When can a person make a valid will, trust, or other planning documents? Generally speaking, a person need only know their potential beneficiaries, knowledge of their property, and the ability to make and understand a plan for the distribution of their property. These requirements are generally interpreted in a way to presume that individuals have the mental capacity to make estate planning documents.
Knowing a person’s potential beneficiaries simply means knowledge of a person’s family. Does a person basically know who their children, grandchildren, and other close family members are?
Knowledge of a person’s property need not imply a knowledge of the exact value of every piece of property at any specific moment. A mere general knowledge of what they own suffices.
The ability to make and understand a plan also does not imply that the individual knows each and every clause of the document that they are signing. Mere knowledge of what type of document they are signing and the general effect of that document is enough for a document to be valid.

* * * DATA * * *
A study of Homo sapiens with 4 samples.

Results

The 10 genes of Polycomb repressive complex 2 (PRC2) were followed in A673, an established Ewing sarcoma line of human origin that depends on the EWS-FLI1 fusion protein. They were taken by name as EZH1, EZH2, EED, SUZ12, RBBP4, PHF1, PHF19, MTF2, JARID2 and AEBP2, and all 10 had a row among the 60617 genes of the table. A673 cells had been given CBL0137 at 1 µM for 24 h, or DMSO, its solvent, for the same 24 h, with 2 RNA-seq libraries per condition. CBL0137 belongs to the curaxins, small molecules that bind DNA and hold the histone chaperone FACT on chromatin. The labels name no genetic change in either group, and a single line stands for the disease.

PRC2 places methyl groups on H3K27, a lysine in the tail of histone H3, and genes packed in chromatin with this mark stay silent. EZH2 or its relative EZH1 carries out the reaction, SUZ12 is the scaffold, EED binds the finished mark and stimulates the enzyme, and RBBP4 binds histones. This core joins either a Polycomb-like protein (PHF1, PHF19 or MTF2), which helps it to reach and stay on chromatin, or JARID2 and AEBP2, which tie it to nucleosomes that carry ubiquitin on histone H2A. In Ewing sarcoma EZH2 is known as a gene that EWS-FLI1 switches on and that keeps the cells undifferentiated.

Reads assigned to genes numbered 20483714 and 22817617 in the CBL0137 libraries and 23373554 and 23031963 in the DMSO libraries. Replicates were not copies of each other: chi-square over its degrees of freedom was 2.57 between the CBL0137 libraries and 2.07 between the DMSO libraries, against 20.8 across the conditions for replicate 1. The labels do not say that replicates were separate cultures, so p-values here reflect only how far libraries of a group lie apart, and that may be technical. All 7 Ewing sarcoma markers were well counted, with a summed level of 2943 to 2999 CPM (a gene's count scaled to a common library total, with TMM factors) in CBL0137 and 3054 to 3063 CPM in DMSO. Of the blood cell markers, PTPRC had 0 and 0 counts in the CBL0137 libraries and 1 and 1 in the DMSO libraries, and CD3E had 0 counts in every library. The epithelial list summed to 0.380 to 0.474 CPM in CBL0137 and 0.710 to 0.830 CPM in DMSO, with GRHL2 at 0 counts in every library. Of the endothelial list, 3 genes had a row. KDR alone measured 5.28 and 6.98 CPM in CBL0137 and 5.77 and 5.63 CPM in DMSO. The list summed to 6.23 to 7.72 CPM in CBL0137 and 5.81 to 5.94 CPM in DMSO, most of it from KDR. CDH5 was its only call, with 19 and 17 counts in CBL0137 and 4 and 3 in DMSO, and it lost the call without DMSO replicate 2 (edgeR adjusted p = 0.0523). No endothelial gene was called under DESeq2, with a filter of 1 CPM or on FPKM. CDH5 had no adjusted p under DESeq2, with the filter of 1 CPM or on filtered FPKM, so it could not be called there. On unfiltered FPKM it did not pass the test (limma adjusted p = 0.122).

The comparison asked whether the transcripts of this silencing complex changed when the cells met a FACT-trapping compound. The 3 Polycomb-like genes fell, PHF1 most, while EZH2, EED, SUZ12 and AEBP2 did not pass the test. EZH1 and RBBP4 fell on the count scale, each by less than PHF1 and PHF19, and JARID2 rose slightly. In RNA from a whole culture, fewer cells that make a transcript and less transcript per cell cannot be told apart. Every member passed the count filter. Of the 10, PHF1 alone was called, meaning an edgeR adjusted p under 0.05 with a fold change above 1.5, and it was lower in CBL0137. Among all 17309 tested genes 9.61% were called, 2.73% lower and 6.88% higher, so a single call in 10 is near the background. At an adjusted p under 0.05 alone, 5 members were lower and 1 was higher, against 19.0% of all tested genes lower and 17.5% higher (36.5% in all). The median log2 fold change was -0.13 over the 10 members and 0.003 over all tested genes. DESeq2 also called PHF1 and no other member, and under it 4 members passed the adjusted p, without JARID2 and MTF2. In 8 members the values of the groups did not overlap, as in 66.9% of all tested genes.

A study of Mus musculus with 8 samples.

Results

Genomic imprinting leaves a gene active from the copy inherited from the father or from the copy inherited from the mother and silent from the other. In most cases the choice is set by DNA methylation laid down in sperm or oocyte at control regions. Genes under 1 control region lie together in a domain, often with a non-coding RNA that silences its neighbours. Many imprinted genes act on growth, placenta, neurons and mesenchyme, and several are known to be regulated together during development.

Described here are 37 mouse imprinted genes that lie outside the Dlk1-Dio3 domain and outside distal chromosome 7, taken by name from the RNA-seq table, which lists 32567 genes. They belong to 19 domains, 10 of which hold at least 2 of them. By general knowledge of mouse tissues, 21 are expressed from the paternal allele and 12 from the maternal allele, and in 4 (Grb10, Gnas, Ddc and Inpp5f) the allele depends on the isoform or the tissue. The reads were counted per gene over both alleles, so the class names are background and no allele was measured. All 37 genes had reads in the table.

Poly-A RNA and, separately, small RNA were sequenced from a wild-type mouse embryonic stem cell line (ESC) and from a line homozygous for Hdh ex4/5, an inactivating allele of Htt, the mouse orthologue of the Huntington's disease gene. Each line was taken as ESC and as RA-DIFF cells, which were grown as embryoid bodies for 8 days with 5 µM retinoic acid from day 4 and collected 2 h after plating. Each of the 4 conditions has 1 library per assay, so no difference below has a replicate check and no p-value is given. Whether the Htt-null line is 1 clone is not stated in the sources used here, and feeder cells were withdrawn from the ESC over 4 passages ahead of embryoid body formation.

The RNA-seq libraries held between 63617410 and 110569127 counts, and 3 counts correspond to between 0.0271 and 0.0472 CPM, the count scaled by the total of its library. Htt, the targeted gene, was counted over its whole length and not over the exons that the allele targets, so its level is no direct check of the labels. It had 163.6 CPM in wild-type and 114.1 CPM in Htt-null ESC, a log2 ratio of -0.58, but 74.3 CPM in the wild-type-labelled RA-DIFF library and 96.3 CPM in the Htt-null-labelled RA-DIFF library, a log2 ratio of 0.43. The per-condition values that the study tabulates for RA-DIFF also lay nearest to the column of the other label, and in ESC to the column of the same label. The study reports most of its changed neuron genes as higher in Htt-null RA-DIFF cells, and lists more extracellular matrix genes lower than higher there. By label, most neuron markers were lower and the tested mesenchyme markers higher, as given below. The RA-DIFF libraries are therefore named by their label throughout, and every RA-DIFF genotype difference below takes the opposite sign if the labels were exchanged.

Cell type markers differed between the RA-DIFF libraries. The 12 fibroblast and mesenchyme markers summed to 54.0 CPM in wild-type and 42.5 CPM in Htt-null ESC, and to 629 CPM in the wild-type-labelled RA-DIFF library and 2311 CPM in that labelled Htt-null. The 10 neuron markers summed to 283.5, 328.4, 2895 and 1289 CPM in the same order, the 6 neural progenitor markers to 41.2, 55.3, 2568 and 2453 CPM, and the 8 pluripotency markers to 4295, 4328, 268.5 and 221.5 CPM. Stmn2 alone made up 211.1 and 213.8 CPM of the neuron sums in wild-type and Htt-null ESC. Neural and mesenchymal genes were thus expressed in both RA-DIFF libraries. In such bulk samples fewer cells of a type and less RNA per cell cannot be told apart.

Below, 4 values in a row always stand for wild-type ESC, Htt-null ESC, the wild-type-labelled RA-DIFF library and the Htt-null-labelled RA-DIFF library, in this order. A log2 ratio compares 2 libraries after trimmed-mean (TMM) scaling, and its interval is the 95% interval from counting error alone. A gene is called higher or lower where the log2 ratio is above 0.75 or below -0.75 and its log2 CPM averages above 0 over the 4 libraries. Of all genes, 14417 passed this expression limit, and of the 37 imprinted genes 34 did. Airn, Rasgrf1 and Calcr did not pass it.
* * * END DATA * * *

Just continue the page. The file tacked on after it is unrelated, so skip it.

Even if a person has been diagnosed with a degenerative disease, such as Alzheimer’s, a person may still have the mental capacity to make and sign new estate planning documents. A person need only have the necessary mental capacity at the time the documents are signed. Even if they soon after lose their mental capacity, the previously signed documents are still valid.
Despite the presumption of mental capacity, estate planning documents should ideally be made sooner rather than later. The minimum mental capacity to make estate planning documents, while still legally valid, may not accurately reflect the wishes of a person who still has their full mental capabilities. A fully capable individual is better able to sit down with an elder law attorney to discuss the full range of options to distribute assets and to make plans for any and all foreseeable eventualities.
Please make an appointment with an elder law attorney in your area to make an estate plan that accurately reflects your wishes and prepares for future possibilities.